Manager uses experience to talk to employees about mental health

Warning: This post discusses depression and suicide.

TJ Ellis is no stranger to struggle.

His grandma raised him, but she died from breast cancer when he was 11. After that, he couch-surfed so he wouldn’t have to sleep in the back of his mom’s van. At 16, he juggled school with a full-time job. And at 19, feeling overwhelmed and alone, he tried to take his own life.

Now the general manager of a Best Buy store in suburban Seattle, TJ uses those life experiences to shape how he cares for his employees — especially the ones with whom he can empathize.

“It’s important to talk to somebody who’s been in that situation,” he said.

TJ said he’s impressed by Best Buy’s commitment to creating a strong culture of support surrounding mental health. The company has worked to reduce the stigma associated with mental health by encouraging open conversations, providing education and offering access to resources.

“It’s been surprising and also very refreshing to see the amount of support we get,” he said. “We have the freedom to support our employees and find support for ourselves.”

Someone to talk to

TJ encourages his team to take advantage of Best Buy’s mental health resources like the eight no-cost counseling sessions we provide to all employees, per issue and per year.

Talking to someone is one of the most important things you can do if you’re struggling. And as a GM, TJ takes that seriously — especially with his younger employees who might not have the support they need at home.

“Sometimes we’re their parents. Sometimes we’re their therapist,” he said. “We play multiple roles.”

While TJ acknowledges that he’s not a trained mental health professional, he said it’s important to be there for his 112 employees if they ever need to talk.

And sometimes they do.

TJ has shared his own story with employees. He has also worked with his market human resources manager to set employees up with the support they need, including options through Best Buy’s Workplace Accommodation program.

Access to resources

Those accommodations are among the many resources Best Buy offers employees to support their mental health. Last year, the company doubled the number of no-cost counseling sessions provided to employees and their family members and introduced a digital platform to help employees gauge and address a variety of mental health conditions.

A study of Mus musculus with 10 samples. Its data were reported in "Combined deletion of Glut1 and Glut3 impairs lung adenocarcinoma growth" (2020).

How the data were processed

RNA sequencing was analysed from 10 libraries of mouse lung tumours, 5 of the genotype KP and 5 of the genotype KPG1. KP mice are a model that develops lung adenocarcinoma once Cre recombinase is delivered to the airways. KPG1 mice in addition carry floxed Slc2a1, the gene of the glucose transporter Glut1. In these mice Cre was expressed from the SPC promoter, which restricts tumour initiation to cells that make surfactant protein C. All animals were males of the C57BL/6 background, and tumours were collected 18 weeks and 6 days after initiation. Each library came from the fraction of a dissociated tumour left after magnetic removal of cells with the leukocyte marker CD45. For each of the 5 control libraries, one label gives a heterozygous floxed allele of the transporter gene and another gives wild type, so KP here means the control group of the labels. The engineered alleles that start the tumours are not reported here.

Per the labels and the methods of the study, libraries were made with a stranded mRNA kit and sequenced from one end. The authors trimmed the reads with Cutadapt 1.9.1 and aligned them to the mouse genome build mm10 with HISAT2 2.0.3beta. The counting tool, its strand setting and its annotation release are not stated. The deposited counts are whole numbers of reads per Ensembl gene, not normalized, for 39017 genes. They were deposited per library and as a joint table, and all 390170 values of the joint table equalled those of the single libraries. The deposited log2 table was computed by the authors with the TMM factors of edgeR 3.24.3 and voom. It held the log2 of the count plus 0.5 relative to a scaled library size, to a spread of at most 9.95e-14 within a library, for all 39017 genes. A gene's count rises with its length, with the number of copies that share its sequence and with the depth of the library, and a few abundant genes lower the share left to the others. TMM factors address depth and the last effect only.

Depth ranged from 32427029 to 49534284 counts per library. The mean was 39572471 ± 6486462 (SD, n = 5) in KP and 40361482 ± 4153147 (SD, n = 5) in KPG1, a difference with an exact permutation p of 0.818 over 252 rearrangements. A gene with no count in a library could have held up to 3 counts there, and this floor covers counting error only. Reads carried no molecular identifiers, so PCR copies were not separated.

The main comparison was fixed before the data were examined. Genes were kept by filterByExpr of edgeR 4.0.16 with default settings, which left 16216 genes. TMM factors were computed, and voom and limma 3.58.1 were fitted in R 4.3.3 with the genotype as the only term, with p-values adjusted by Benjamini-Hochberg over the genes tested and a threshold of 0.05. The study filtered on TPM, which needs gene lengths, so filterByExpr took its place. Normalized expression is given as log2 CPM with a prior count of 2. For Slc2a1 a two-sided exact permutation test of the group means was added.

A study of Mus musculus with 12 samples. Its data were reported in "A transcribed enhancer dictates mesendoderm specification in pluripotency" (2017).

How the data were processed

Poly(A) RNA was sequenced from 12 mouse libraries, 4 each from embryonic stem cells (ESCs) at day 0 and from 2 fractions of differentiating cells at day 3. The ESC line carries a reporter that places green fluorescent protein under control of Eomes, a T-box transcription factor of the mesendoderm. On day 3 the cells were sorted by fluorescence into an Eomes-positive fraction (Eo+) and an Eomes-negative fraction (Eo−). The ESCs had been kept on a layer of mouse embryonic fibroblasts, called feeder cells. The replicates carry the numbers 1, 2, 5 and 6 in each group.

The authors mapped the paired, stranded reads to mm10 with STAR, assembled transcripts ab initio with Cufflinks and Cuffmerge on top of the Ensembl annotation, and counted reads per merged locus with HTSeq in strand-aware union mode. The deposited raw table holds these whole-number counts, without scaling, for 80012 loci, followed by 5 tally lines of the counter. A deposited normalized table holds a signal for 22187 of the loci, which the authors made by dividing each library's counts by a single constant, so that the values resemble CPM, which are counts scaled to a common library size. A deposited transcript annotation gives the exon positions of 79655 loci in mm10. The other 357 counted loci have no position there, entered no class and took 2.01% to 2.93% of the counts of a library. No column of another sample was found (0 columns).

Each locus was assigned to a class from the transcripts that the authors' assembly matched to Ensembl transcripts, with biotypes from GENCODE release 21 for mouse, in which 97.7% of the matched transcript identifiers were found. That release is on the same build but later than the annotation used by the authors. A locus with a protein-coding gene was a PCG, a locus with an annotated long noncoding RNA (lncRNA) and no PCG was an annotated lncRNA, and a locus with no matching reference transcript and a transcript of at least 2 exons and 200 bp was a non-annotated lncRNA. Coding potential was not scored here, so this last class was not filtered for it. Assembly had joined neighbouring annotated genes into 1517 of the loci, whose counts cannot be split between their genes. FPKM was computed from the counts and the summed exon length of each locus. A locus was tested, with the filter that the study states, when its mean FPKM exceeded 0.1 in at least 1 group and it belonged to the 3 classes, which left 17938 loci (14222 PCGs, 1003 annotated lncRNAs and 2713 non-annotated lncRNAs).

One in five adults experience mental illness every year, according to the National Alliance on Mental Illness (NAMI). That includes any condition that affects a person’s thinking, feeling, behavior or mood.

“None of us are immune to mental health struggles. If you need a place to turn, please reach out to someone for help,” said Kamy Scarlett, Best Buy’s chief human resources officer. “The heart and soul of Best Buy is, and will always be, our people. It’s critical we take care of each other.”

TJ’s in a good place right now, but he knows his struggles are an ongoing battle that he needs to stay on top of. He processes his thoughts and feelings through writing, running and reaching out to a therapist when he needs to.

But his biggest piece of advice for anyone struggling is to talk to someone. He said talking to someone when he attempted suicide as a 19-year-old saved his life. Eight years later, he’ss able to pay it forward with his own employees.

“You don’t get a second chance,” TJ said. “That’s the one thing you can’t rewrite if you’re not here.”

If you or someone you know is having suicidal thoughts, please call the National Suicide Prevention Lifeline at 1.800.273.8255 for immediate support.